How to be a good KSU fan


Fans hold up a Kent Stater issue which reads, “Bash the Bulls! Go Flashes!” at the Kent State men’s basketball game on Saturday, Feb. 28, 2015.

Jimmy Miller

When the Ohio State Buckeyes won the College Football Playoff National Championship in January, national media outlets picked up stories about students setting fires and tearing down a goal post in Columbus. 

I figured I’d come clean with that first before telling you to follow the Buckeyes’ model of being a student fan.

I’m not recommending we burn down The HUB if (when) the Flashes beat the Akron Zips in a few months, because burning stuff is pretty much the worst idea you could have, but there is something to learn from the school spirit the Buckeye fans exhibited throughout last season. Even though the team lost a home game to an unranked opponent early on and lost two starting quarterbacks to injury, those students backed that team to the exciting end, as I’m sure many of you who come from Ohio can attest.

And you see this kind of school spirit all over the place. In high school, there was probably a good chance you watched some of the biggest college games of the season on national television. If you’ve ever filled out an NCAA March Madness bracket, you’ve watched schools like Duke or Kentucky and saw their school spirit. Those are prime examples of how students just like you and I can back a team from our school.

It’s not really like that here, because we usually lack the bright lights of national television coverage and packed stadiums on football Saturdays, but there are definitely easy ways to make your collegiate experience with Kent State a memorable one in the stands.

There’s no one true formula to becoming a good fan, but the solution always starts with the students. Freshmen in particular can breathe new life into a school, and with the beginning of this fall comes the start of a few sports. Here’s my three-step recommendation on how to help make the school spirit shine at Kent State (Hint — it’s a fairly easy and obvious process)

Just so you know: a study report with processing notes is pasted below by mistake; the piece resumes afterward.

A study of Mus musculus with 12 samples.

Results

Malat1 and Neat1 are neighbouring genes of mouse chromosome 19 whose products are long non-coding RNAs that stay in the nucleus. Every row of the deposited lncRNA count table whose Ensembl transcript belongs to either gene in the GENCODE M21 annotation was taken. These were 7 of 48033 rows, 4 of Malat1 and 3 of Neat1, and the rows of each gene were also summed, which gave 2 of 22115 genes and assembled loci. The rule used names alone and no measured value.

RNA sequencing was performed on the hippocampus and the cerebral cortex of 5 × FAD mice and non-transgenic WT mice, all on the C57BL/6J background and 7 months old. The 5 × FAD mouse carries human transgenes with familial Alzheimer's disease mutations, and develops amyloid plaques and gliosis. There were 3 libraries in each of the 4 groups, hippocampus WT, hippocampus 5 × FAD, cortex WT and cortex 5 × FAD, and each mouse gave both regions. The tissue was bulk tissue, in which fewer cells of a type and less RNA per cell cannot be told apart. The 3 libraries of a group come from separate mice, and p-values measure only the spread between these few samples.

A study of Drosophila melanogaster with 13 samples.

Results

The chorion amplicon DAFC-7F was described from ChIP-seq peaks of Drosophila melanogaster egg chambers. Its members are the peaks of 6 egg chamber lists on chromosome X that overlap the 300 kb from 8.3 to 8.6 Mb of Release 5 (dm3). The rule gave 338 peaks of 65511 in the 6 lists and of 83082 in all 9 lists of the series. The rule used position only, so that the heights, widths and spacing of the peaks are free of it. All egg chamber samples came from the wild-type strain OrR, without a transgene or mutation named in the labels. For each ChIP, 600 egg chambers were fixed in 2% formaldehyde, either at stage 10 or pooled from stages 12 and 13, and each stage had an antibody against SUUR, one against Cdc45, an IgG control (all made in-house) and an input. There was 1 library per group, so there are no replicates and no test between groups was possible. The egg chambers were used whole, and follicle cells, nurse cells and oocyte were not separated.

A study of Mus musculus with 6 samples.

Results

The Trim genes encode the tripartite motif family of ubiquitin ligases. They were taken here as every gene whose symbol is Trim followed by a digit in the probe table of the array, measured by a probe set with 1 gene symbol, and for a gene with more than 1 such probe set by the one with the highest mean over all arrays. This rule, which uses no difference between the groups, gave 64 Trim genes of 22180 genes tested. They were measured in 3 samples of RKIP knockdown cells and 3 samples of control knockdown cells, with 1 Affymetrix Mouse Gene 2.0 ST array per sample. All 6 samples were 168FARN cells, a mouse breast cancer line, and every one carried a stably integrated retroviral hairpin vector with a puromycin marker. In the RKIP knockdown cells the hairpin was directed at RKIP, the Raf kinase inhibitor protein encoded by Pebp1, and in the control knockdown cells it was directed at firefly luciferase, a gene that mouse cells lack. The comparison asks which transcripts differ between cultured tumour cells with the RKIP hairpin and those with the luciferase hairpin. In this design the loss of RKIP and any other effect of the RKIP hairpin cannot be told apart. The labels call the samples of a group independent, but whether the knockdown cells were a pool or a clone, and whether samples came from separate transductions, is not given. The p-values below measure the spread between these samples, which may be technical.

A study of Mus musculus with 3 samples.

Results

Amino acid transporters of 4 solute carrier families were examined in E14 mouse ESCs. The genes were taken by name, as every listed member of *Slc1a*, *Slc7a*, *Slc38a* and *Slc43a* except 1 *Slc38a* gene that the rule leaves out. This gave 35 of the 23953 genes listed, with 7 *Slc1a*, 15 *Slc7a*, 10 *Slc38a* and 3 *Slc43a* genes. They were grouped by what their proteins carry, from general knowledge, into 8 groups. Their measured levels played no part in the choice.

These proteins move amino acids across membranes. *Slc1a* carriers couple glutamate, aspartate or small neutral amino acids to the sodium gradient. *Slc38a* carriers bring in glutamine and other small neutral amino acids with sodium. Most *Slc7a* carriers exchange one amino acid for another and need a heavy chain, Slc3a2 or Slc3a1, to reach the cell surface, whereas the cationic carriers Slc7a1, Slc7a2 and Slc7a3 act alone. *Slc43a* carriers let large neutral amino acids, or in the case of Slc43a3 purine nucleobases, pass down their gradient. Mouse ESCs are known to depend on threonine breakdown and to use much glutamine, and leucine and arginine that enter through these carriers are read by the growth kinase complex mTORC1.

1. Go to the games

Well, this probably seems painstakingly obvious, but it’s really proven to be an issue at Kent State (and other Mid-American Conference schools like Akron). The most perplexing part of this lack of attendance is the fact that games are free, and by going to these games and swiping your FlashCard, you’re accumulating FlashPerks points in the process, which could help you win prizes by the end of the year. With the 16 total sports Kent State participates in, it’s relatively simple to find an athletic event nearly every day. Ask some friends and head out to the games, even if you go to treat it like a social event–you may find you’re a bigger Kent State supporter than you originally thought.

2.  Follow the team on the road

The teams need you. Take volleyball, for instance, a team that went 9-3 in the M.A.C. Center but a disappointing 4-7 away from Kent. As the reporter who covered that beat, I know all the players talked about after a long road stretch was how exciting it was to get back home to see their own students. I can also tell you that as a spectator, it makes a difference when the visiting school brings a decent crowd to their opponent’s home venue. Showing that the team matters to you is one of the best ways to boost those players’ confidences, and another great way to see what other campuses look like. Also, even if you can’t go to the games, use the watch live and/or live stats function on under the respective sport you’re trying to follow. The more people that follow our teams the better, because it allows students to understand the implications of each game that the team hosts at home, or gives them a good idea of who to watch for on the field/court.

3.   Don’t be such a downer

It’d be asinine to always compare our teams to the schools I mentioned before the list started. Our football program went 2-9 last season, while the Buckeyes won a national championship—and defeated Kent State 66-0 in the process—plus our student body is significantly smaller than Ohio State’s. However, students do still have plenty to cheer about: The field hockey program featured in this edition of the Stater went to the NCAA Tournament last season, both golf programs and the gymnastics team won the conference championship, the men’s basketball team won a share of the regular season conference title and even the football team, despite its losses, defeated Akron en route to winning the Wagon Wheel Challenge. And in some sports, our programs perpetually compete on a national level. Our track and field, gymnastics and wrestling programs all sent players to compete on a national level, and a few found great success, most notably thrower Matthias Tayala, who finished first in the nation in the hammer throw. And in the last 15 years, our baseball team went to the College World Series (2013), our basketball team made it to the Elite Eight (2002) and our football program made its first bowl game appearance (2013). So instead of ragging on your own university, maybe give supporting its teams a try—Kent State has turned out varying levels of success over the years, but you can always count on something exciting to happen.

Contact Jimmy Miller at [email protected].